Tuesday, February 23, 2016
Asphalt, Tree Roots, and Leaf Piles
If you encourage people with large wooded lots to simply pile their leaves in the woods, rather than piling them in the street where they become a nuisance, a seemingly simple solution becomes complicated by people's fears that the leaf pile will smother the tree roots beneath it. It does seem logical that a thick layer of matted leaves would prevent water and air from reaching the soil.
But if that's so, then why are tree roots perfectly content to grow underneath bikeways and sidewalks? And why have I found tree roots invading the leaf piles I've made over the years?
There are a number of answers. One is that water in soil doesn't alway obey gravity. It wicks upwards from below, and seeps sideways. And a wet leaf will transfer moisture to the leaf just beneath it, and so on down through the pile. Worms feasting on the leaves will create passages for water to penetrate more quickly. So the ground under a thick leaf pile will be supplied with water from the sides, below, and even from the top. A leaf pile, by this logic, would actually serve as a feeding station for the trees, rather than a threat.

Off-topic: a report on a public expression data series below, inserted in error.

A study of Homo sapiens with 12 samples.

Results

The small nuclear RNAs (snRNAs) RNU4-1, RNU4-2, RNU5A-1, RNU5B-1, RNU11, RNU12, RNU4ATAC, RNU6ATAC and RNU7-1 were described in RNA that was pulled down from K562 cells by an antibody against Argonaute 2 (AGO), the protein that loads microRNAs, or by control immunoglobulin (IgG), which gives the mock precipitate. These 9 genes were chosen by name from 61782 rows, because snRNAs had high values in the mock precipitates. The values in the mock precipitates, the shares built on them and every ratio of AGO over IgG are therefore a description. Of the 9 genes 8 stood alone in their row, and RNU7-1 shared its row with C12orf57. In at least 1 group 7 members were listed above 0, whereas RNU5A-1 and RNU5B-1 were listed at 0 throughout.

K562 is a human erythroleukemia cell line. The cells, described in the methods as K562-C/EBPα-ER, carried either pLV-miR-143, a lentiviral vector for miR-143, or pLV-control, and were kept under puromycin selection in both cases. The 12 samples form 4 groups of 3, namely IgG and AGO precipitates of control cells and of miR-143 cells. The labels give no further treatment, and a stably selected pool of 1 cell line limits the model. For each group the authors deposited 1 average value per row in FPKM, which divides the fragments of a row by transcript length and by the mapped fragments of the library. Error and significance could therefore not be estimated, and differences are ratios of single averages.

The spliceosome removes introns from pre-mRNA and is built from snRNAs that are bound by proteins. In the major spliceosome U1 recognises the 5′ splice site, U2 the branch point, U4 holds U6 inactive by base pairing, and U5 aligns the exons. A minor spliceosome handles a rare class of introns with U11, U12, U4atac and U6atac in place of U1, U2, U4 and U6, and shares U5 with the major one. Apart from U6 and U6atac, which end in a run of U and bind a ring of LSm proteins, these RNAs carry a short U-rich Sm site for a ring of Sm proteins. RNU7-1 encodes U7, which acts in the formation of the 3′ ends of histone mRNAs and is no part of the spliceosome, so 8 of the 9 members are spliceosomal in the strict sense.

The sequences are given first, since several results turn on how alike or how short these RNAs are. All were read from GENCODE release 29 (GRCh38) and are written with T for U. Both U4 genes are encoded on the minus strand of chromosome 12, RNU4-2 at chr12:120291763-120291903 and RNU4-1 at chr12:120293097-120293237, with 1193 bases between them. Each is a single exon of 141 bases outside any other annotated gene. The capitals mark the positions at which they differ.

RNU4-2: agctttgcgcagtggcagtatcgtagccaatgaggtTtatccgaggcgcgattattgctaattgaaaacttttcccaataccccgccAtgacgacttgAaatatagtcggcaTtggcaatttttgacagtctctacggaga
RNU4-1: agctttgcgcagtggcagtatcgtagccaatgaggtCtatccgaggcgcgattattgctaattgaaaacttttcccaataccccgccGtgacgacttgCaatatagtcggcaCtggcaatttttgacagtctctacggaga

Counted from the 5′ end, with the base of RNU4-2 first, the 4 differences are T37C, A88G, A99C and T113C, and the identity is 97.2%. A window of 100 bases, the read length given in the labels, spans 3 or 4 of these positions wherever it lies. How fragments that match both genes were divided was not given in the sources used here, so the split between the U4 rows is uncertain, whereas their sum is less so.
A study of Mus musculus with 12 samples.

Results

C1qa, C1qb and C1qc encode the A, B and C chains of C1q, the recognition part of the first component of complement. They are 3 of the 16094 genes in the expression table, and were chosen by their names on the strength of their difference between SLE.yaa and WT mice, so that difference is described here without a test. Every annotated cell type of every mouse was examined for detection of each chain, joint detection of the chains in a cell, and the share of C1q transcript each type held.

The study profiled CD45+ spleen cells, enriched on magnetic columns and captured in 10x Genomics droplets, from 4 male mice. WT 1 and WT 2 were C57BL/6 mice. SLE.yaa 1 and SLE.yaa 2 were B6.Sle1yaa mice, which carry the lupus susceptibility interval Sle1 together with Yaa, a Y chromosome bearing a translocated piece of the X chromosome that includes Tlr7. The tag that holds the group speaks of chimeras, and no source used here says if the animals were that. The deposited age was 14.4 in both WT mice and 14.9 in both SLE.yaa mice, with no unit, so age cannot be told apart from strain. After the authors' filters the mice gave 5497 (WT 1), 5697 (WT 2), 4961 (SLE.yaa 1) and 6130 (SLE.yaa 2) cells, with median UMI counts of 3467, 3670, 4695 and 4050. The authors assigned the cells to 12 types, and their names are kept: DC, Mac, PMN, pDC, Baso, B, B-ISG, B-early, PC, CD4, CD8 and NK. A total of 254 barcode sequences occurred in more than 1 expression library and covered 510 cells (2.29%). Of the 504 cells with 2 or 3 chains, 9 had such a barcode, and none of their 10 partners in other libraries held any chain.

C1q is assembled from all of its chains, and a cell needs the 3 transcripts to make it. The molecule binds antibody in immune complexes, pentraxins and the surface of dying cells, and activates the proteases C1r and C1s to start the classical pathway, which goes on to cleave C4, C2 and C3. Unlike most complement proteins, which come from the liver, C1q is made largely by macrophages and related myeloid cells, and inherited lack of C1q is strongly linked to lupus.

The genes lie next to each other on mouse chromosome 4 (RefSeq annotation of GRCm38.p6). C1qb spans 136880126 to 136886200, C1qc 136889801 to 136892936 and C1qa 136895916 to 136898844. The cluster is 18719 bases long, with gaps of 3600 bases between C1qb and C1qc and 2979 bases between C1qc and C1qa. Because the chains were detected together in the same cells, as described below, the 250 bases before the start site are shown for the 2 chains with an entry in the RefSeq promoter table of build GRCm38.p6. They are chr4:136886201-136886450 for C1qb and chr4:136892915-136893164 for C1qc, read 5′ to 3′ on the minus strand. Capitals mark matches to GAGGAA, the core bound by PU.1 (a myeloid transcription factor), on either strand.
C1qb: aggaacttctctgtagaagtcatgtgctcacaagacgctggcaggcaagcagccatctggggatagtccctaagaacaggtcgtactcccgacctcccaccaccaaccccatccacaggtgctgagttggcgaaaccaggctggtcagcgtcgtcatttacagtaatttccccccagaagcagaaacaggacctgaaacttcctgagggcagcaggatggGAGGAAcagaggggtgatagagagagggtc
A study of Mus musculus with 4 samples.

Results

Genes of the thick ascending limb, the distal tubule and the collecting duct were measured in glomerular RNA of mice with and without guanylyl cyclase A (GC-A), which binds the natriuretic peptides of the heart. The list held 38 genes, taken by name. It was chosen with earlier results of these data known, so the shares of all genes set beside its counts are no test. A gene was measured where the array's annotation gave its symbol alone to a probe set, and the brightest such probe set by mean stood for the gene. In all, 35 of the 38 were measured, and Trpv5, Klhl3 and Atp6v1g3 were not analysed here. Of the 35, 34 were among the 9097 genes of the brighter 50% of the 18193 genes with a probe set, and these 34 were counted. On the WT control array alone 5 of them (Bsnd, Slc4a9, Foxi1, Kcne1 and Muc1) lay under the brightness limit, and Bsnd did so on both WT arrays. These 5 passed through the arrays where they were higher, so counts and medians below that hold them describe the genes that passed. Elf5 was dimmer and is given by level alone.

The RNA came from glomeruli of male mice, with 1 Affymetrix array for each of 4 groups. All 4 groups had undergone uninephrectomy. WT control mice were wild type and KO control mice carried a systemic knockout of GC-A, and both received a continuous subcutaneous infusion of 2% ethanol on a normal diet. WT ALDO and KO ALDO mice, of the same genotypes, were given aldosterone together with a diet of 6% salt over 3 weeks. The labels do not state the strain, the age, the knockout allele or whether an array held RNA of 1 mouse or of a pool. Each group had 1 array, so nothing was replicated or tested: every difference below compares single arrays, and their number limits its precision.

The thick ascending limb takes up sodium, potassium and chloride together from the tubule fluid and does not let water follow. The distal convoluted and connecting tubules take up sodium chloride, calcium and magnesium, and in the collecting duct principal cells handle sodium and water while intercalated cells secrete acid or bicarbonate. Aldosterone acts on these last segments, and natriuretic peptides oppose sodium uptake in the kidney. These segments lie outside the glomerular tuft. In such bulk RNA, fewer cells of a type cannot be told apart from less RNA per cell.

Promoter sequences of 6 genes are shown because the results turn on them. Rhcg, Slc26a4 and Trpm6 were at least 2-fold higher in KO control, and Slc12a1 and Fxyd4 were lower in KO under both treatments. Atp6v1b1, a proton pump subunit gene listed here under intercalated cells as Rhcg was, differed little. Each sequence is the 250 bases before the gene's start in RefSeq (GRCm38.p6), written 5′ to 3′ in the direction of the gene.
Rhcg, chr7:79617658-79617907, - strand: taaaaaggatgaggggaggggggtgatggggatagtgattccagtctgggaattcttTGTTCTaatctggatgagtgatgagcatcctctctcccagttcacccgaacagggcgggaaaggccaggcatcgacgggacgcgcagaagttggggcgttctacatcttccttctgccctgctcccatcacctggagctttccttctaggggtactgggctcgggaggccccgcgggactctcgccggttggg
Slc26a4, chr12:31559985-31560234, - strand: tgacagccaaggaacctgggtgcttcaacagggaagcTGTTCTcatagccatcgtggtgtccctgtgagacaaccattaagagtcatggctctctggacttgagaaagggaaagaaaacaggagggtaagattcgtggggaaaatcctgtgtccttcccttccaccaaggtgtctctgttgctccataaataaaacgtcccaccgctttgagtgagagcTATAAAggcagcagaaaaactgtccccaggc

If this makes the survival of tree roots under asphalt and leaf piles more comprehensible, there remains a greater mystery, namely, what impedes the movement of warning signals through the human brain? The asphalt at Pettoranello Gardens has been showing signs of heaving for years, and yet no one thought to cut the roots at the edges, so that they wouldn't continue to push upwards. Incremental, silent change seems to activate the "procrastination ... oops, too late" response. A beautiful path along Pettoranello Pond has been rendered hazardous to the bikes it was built for.
Maybe if people piled their leaves on their own properties, town staff would have more time and funding to maintain our bikeways. Just a thought.